Why Michigan’s Marijuana Regulators Want to Shut the Cannabis Industry Down


It was a good run. Every outlet offering cannabis for sale to licensed patients would be required to shut down, and shut down very soon, under a proposal from the board last week.

Medical marijuana has been legal in Michigan since 2008. Under state law, a caregiver is allowed to cultivate up to 72 marijuana plants—no more than 12 plants for no more than six patients.

But if you don’t have a caregiver?

Retail outlets offering cannabis in Michigan are technically illegal—and will be until the state starts issuing licenses, a development expected to come as soon as later this year—yet dispensaries have been operating with varying levels of transparency in select cities for years.

For most medical marijuana patients, for whom growing an adequate supply of cannabis is simply too challenging and specialized of a task to do on one’s own—we don’t expect people to grow all their own food or synthesize their own chemicals to make pharmaceutical drugs—a dispensary is the only way to access cannabis without patronizing the black market.

In most cities, dispensaries operate in a sort of gray market area with full knowledge of the police—and everything works out just fine.

In Detroit, there are more than 70 dispensaries offering marijuana for sale that have completed or at least started the city licensing process, according to the Detroit Free Press.

That’s not good enough for Donald Bailey. Bailey is a member of the Michigan licensing board. He’s also a retired Michigan State Police Trooper—and, apparently, he loves rules. Rigid, prescriptive rules, like the 2013 Michigan State Supreme Court decision that ruled dispensaries are violating state law.

“Every dispensary out there is open in violation of the Michigan Medical Marijuana Act,” Bailey said during a recent board meeting, according to the Detroit Free Press. “It’s a felony for every sale that occurs from a dispensary.”

Bailey’s plan is to have every dispensary currently in business voluntarily shut down by Sept. 15. Dispensaries that don’t shut down won’t be able to acquire state licenses. At least one fellow board member signaled support for the scheme, which may come up for a vote as soon as September. 

“If we don’t do this today we’re going to do it somewhere in the future,” said board chairman Rick Johnson, according to Mlive.com. “Because it needs to be done.”

The board is set to discuss Bailey’s innovative regulatory approach—if there is no industry to regulate, it’s pretty much already regulated, for good—at its third meeting, to be held sometime before Sept. 15. In the meantime, the state’s weed industry is reeling from the news.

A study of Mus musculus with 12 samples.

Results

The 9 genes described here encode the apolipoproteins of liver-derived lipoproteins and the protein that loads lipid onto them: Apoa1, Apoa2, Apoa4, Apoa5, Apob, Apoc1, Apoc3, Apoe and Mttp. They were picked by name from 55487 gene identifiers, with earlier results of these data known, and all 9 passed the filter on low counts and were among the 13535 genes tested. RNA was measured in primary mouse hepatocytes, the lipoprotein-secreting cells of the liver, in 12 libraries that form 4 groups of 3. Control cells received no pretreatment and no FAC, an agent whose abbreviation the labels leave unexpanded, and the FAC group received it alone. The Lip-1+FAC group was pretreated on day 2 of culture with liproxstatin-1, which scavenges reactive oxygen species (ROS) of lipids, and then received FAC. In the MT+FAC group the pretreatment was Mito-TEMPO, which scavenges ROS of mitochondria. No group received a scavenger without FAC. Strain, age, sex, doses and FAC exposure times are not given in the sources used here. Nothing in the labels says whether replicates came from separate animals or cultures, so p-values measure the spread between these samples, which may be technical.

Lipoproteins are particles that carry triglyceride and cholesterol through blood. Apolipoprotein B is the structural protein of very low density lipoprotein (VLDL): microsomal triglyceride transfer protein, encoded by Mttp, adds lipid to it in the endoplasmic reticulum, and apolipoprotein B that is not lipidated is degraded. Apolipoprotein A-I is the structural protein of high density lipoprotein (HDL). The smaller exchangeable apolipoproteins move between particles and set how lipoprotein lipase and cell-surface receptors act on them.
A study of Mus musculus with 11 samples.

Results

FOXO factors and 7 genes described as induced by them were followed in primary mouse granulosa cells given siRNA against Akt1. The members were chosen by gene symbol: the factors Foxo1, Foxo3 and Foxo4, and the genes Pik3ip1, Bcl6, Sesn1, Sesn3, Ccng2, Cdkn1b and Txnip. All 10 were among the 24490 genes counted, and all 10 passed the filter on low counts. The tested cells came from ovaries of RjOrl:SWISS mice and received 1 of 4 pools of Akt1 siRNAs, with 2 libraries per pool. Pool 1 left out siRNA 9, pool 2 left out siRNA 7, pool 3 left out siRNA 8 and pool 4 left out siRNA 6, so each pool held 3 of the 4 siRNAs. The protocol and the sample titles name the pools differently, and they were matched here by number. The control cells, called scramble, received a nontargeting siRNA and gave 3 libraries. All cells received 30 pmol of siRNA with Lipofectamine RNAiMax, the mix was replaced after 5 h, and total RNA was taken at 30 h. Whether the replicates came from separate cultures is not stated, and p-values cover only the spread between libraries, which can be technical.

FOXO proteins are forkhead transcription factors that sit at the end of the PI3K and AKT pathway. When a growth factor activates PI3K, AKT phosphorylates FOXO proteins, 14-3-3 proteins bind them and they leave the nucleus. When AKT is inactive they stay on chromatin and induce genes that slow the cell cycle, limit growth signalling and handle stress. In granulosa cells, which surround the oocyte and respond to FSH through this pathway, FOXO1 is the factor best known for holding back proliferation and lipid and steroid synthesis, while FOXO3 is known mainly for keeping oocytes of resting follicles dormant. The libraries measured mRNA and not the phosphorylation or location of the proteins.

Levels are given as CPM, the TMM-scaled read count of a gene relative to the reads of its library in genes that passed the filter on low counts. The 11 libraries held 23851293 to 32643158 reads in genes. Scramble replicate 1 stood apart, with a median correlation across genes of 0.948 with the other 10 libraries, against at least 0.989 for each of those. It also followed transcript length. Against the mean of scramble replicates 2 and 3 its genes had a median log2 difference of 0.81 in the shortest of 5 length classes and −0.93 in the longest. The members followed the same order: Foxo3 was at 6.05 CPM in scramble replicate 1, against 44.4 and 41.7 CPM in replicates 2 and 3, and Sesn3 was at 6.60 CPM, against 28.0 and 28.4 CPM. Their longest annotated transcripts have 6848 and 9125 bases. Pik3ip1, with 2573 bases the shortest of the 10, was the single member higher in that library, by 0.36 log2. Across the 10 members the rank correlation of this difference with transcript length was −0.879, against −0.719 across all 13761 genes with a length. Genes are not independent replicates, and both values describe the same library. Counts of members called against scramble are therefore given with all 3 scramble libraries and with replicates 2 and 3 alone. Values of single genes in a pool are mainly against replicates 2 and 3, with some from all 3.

“This is an unprecedented action,” said Tim Beck, one of the advocates behind the 2008 ballot initiative.

It’s also sadly predictable.

On the cover of the current issue of Michigan Medical Marijuana Report is a picture of Don Bailey.

“A guy that spent his entire career opposing marijuana is on the board,” as Frank James, one of the owners of AllWell Natural Health, an organization that used to operate as a dispensary in Gaylord, Michigan, told the local newspaper. “How do I argue with this?”

We say “used to operate as a dispensary” because AllWell, like most other dispensaries north of Flint, have shut down—voluntarily or otherwise—following a string of raids from Michigan State Police. That is, former colleagues and comrades of Bailey’s, who apparently share the same values.

According to the Petoskey News, James has begun telling his former patients to buy marijuana from the black market—because it’s safer.

Bailey is carrying water for his former police officers and for the likes of David Scott, the local supervisor in Commerce Township, a community that reportedly has 67 grow operations. Not outrageous, when you consider each cannot have more than 72 plants. But let’s assume they have a few more plants. Scott does.

“Knock off the crap that’s illegal and is nothing but organized crime,” he fumed at the licensing board’s most-recent meeting, encouraging them to stamp out that which they’re tasked with overseeing.

About that organized crime. Breaking the law is absolutely being encouraged in Michigan right about now.

Here’s the Petoskey News:

[Former dispensary operator Chad] Morrow said people have already begun planning black market seminars after the most recent dispensary raids.

That’s not what anybody in Michigan wants,” he said. “That’s not what I want. I want regulation, and I want legalization.”

The notion that public safety is somehow imperiled by legal marijuana conduct is not entirely unsound. Fires could break out. People could get robbed. Authorities, including the police, can and should step in and help out.

Stamping out what legal industry there is, and guaranteeing marijuana’s return to the drug-dealer’s portfolio, accomplishes the opposite.